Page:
Turkish Vice President Fuat Oktay has bragged about solving the crisis that erupted after Berat Albayrak's shock resignation from his post as the treasury and finance minister within 27 hours.
In a speech in parliament during budget talks on Dec. 15, Oktay responded to the opposition's criticism of the government's silence after Albayrak announced that he resigned from his post on Nov. 8.
"You expected a rapid response because you know that the presidential system is dynamic and powerful enough to solve everything within a day and that's what happened anyway," Oktay said.
Following the resignation of Albayrak, who is President Recep Tayyip Erdoğan's son-in-law, from Instagram, the government didn't comment on the issue for more than a day, prompting confusion among the public.
While all opposition parties stressed that the confusion stems from the presidential system, Oktay on Dec. 15 countered that argument and went on to criticize the parliamentary system.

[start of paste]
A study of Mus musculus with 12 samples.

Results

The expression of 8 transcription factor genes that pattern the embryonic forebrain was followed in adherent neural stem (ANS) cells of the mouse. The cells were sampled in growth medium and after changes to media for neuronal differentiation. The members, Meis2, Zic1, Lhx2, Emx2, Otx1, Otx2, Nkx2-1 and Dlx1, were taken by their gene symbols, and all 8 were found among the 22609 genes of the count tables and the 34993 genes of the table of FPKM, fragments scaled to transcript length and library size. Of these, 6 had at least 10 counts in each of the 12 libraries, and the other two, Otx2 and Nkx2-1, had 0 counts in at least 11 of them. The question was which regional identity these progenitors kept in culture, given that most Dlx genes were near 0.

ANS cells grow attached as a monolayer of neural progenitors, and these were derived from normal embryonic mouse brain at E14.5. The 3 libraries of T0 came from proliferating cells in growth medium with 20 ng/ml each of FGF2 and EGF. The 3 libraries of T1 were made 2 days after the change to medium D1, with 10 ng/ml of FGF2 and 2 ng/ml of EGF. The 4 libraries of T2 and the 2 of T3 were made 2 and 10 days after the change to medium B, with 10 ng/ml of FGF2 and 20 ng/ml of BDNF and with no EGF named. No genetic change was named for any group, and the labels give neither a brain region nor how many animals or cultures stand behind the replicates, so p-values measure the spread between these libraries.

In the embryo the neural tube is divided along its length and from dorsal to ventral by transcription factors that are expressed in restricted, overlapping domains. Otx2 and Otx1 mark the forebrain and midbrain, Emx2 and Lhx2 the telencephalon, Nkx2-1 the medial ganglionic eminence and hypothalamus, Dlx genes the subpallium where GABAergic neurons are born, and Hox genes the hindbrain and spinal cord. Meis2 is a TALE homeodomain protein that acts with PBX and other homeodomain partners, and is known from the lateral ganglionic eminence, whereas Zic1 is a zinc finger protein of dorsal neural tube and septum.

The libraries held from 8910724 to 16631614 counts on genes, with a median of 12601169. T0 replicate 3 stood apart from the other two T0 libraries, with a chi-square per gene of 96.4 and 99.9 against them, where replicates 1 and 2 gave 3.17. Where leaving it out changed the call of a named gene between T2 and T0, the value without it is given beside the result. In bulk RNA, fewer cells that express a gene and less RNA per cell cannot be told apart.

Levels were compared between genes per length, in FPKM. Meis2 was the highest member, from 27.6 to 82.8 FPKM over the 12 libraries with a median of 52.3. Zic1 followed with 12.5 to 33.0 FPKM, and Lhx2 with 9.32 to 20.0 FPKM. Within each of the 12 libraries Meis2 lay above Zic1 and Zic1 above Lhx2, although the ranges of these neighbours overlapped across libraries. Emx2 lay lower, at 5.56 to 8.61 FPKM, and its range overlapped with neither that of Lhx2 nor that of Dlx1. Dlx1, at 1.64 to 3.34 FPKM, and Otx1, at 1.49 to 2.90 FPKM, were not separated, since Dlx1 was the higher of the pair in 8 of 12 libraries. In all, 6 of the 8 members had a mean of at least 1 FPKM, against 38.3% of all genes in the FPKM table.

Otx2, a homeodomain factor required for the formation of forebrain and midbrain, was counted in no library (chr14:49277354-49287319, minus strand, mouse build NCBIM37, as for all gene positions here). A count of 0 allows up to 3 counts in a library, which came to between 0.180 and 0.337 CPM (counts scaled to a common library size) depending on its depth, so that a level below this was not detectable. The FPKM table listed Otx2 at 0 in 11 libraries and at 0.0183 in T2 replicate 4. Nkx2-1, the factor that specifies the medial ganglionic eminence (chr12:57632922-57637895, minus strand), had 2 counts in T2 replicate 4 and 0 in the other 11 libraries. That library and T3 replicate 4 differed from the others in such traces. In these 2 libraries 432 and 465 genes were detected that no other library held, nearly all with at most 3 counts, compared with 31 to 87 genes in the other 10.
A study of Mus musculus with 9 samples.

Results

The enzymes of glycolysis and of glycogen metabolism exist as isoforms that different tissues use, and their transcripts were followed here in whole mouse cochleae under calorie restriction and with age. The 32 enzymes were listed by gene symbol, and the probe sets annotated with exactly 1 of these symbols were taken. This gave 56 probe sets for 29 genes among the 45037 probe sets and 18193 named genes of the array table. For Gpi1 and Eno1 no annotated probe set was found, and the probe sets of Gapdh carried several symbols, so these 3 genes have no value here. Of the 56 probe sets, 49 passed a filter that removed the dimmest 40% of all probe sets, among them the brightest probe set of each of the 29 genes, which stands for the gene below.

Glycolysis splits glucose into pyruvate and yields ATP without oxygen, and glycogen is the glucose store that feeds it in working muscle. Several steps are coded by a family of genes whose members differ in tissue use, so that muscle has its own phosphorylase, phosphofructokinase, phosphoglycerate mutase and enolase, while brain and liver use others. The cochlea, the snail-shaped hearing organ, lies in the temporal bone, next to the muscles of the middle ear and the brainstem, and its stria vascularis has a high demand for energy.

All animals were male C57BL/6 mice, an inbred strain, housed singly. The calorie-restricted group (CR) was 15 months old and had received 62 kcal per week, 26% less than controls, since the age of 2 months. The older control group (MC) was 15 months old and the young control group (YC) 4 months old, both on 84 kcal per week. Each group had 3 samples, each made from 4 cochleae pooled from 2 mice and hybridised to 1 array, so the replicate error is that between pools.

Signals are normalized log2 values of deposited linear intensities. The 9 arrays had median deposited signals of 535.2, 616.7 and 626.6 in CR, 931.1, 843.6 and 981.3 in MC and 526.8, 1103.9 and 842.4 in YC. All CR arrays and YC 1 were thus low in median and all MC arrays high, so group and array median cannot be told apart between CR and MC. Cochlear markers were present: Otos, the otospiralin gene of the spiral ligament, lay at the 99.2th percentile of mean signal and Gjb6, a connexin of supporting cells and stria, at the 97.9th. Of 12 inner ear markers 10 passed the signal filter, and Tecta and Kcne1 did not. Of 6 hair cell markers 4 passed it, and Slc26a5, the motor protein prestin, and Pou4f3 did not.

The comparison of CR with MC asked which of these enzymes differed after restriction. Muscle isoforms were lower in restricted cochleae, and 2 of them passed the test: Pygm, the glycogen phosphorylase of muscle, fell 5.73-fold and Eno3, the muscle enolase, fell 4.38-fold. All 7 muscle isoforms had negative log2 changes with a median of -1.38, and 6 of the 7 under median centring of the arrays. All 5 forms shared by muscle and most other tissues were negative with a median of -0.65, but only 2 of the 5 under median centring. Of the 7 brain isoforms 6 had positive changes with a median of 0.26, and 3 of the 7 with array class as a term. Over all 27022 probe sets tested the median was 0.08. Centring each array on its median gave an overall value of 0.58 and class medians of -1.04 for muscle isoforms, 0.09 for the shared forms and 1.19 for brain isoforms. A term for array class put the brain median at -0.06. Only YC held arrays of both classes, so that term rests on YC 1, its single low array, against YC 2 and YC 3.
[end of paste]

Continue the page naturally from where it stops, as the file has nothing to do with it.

"In the presidential system, ministers can change. The authority is given by the people to the president, so all decisions were taken within 27 hours. The stability was not harmed in any way and continued with determination," the vice president said.
"When you look at the parliamentary system, there are months-long uncertainties, failures to form governments and problems within the ministries. Now, you wait for everything to be resolved in a day and you're right to do so. The presidential system exists for that and it did what was necessary," Oktay added.
Turkish voters said "yes" to shifting the country's governance system to an executive presidency with a controversial referendum on constitutional amendments on April 16, 2017.
The country shifted to the system officially on July 9, 2018, replacing a 95-year-old parliamentary system.
The system granted sweeping powers to Erdoğan and allowed him to be both the leader of the ruling Justice and Development Party (AKP) and the president at the same time.
Officials of the AKP and its ally Nationalist Movement Party (MHP) often praise the presidential system and link the country's "successes" to it, while the opposition calls for a return to the parliamentary system.